Just because school was out this week doesn’t mean students weren’t in class.
Online courses kept kids busy during video sessions with teachers, discussions on blogs and assignments submitted through school websites.
For those students, their snow days were no snowcation.
Several private schools treated the snow days almost as if they were regular school days, except with instruction taking place in students’ bedrooms instead of classrooms. Public schools also offered a variety of Web-based activities and homework, from online standardized test prep to math practice.
At Greater Atlanta Christian School in Norcross, teachers gave lessons through video recordings of themselves, assigned homework, distributed quizzes and required students to write on discussion boards.
Connor Joseph, a senior who logged in to “Cyber School” from his laptop, said one of his teacher’s videos helped him get through an advanced placement calculus exercise.
“We can go back and watch it no matter how many times we need to before we get it. We can go at our own pace,” Joseph said. “I don’t mind having school today too much because I’m glad we won’t have to graduate in June after coming back to make up the snow days.”
Fifth-graders in Tracey Abercrombie’s math class at Coal Mountain Elementary in Cumming were sent home with workbooks, and then they got online to learn about polygons and triangles.
Her students took pictures around their houses and uploaded their pictures, and they submitted their assignments through a school website. About 25 of her students participated.
“I told the kids, ‘We don’t want to fall behind. I care about you learning,’” said Abercrombie, who said the Forsyth County school district’s support of technology made her lessons possible. “You can get 10-year-olds to do anything; you just have to motivate them. We’re trying to make it fun.”
Just about every school offers online instructional materials, but the snowstorm encouraged educators to use their virtual schools as a replacement, rather than a supplement, for regular class. With many school systems having missed seven class days because of inclement weather through Thursday, teachers found a way to help students keep learning.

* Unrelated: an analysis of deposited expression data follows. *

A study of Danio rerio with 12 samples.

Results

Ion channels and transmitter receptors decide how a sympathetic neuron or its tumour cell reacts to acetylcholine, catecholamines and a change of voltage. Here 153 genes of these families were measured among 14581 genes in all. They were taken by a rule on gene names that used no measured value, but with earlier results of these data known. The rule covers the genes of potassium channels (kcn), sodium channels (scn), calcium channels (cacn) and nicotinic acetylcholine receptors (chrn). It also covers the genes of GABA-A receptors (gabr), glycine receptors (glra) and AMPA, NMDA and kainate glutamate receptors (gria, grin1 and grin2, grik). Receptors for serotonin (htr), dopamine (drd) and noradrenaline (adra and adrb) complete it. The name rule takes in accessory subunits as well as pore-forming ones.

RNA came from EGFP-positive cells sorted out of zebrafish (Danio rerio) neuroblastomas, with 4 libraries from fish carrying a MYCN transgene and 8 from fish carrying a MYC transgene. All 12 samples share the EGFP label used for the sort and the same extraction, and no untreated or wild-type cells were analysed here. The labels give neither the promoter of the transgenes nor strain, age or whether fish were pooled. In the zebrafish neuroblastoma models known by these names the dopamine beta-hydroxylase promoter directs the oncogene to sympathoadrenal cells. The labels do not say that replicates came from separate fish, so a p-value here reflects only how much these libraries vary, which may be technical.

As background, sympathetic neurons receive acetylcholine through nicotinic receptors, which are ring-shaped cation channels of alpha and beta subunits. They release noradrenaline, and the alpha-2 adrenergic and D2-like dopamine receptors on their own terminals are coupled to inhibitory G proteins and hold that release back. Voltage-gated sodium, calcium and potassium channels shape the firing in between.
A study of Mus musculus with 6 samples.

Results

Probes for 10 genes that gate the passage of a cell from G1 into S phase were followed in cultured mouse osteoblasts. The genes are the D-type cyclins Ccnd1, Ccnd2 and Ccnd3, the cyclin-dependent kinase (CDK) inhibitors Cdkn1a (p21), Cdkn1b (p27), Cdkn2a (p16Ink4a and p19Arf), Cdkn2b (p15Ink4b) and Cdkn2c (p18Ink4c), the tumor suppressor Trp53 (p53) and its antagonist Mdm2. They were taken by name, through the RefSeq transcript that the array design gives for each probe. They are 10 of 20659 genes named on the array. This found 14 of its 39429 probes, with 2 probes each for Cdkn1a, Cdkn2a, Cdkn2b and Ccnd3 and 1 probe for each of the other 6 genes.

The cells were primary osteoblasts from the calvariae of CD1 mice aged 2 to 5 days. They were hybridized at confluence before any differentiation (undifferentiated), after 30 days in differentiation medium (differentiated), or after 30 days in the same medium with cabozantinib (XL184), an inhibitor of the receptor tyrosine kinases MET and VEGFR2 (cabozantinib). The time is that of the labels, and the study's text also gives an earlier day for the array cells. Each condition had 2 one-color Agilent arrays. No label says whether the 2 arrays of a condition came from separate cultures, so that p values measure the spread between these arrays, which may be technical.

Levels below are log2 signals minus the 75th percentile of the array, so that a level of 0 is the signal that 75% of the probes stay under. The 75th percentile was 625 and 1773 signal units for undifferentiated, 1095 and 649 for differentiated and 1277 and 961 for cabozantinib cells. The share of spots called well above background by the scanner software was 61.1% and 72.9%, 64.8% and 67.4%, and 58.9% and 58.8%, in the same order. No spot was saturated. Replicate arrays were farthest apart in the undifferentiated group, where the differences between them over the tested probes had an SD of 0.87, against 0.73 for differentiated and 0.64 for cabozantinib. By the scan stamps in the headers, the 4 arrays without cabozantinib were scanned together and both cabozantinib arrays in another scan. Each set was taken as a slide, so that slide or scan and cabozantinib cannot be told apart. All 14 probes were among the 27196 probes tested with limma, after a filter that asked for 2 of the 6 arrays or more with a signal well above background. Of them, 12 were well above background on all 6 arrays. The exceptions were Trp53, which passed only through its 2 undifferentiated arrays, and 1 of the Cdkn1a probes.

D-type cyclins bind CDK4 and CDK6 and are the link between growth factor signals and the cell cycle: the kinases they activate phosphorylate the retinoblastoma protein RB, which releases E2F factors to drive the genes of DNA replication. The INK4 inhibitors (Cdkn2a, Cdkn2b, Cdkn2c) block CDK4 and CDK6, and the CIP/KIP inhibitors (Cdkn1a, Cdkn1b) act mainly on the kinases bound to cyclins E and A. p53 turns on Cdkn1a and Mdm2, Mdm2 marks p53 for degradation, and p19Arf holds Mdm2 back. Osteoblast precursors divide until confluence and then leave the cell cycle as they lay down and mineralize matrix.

For the most part, students said they didn’t mind if their snow day turned into a school day, especially considering they’d had time off during metro Atlanta’s last snowstorm two weeks ago.
“I’m doing just as much work as I would be doing at school, but I’m at home in the comfort of my PJs,” said Melanie Lane, a junior at Mount Vernon Presbyterian School in Sandy Springs. “At first, I admit I was like, ‘This is ridiculous, why do we have to do school work,’ but as I started doing it, I realized that after we had snow days last time, I was brain dead when I came back to school. It was hard and laborious because we had been off.”
Students at Mount Vernon Presbyterian used Google Hangouts for video chats with their teachers, and in some cases they took quizzes online.
Fulton County schools had been increasing their online offerings even before this year’s bad weather hit, said Scott Muri, deputy superintendent for academics.
High school students in Fulton have access to virtual learning labs where they can take online courses, and they can collaborate online through a Facebook-like system called Edmoto, where teachers post homework assignments and answer questions, Muri said. More than 15,000 users logged in to Edmoto on Wednesday.
“What the weather does is heighten the importance of online and virtual opportunities for students. The work was already moving aggressively down this track and has been for several years,” he said.
Online education offerings have been increasing for years, but it took time before teachers felt comfortable with the technology and it grew to the level where it was readily available, said Steven McGee, a professor at Northwestern University’s school of education and social policy.
“We might be at a tipping point here where there’s enough infrastructure and expertise in place, and you add in this mix of severe weather that puts people in the position of using it,” he said.
Virtual education during snowstorms has its limits, such as power outages that would prevent students from getting online.
Also, not all students own laptops or tablets that would allow them to participate. That difficulty is why private schools can require students to handle a full load of courses from home, while public schools can only encourage continued learning when school is out for winter weather.
“Not all students learn well virtually, and I don’t want to see this viewed as a panacea,” said Jo Ellen Smith, a parent of two children in Cobb County schools. “There’s nothing that replaces a highly qualified teacher in a reasonable-sized classroom.”
DeKalb County schools included a list of links to educational websites along with its school closure notice. The links sent students to math and English instruction, teaching everything from basic competencies to more advanced lessons that students could compete to complete, said Morcease Beasley, the school district’s executive director for curriculum and instruction.
He said some students will always lack access to a laptop or tablet, but increasing online instruction can only help students grow.
“Whether we realize it or not, many of our kids have devices. It’s predicated upon parents saying, ‘OK, let’s get online and do some work,’” he said.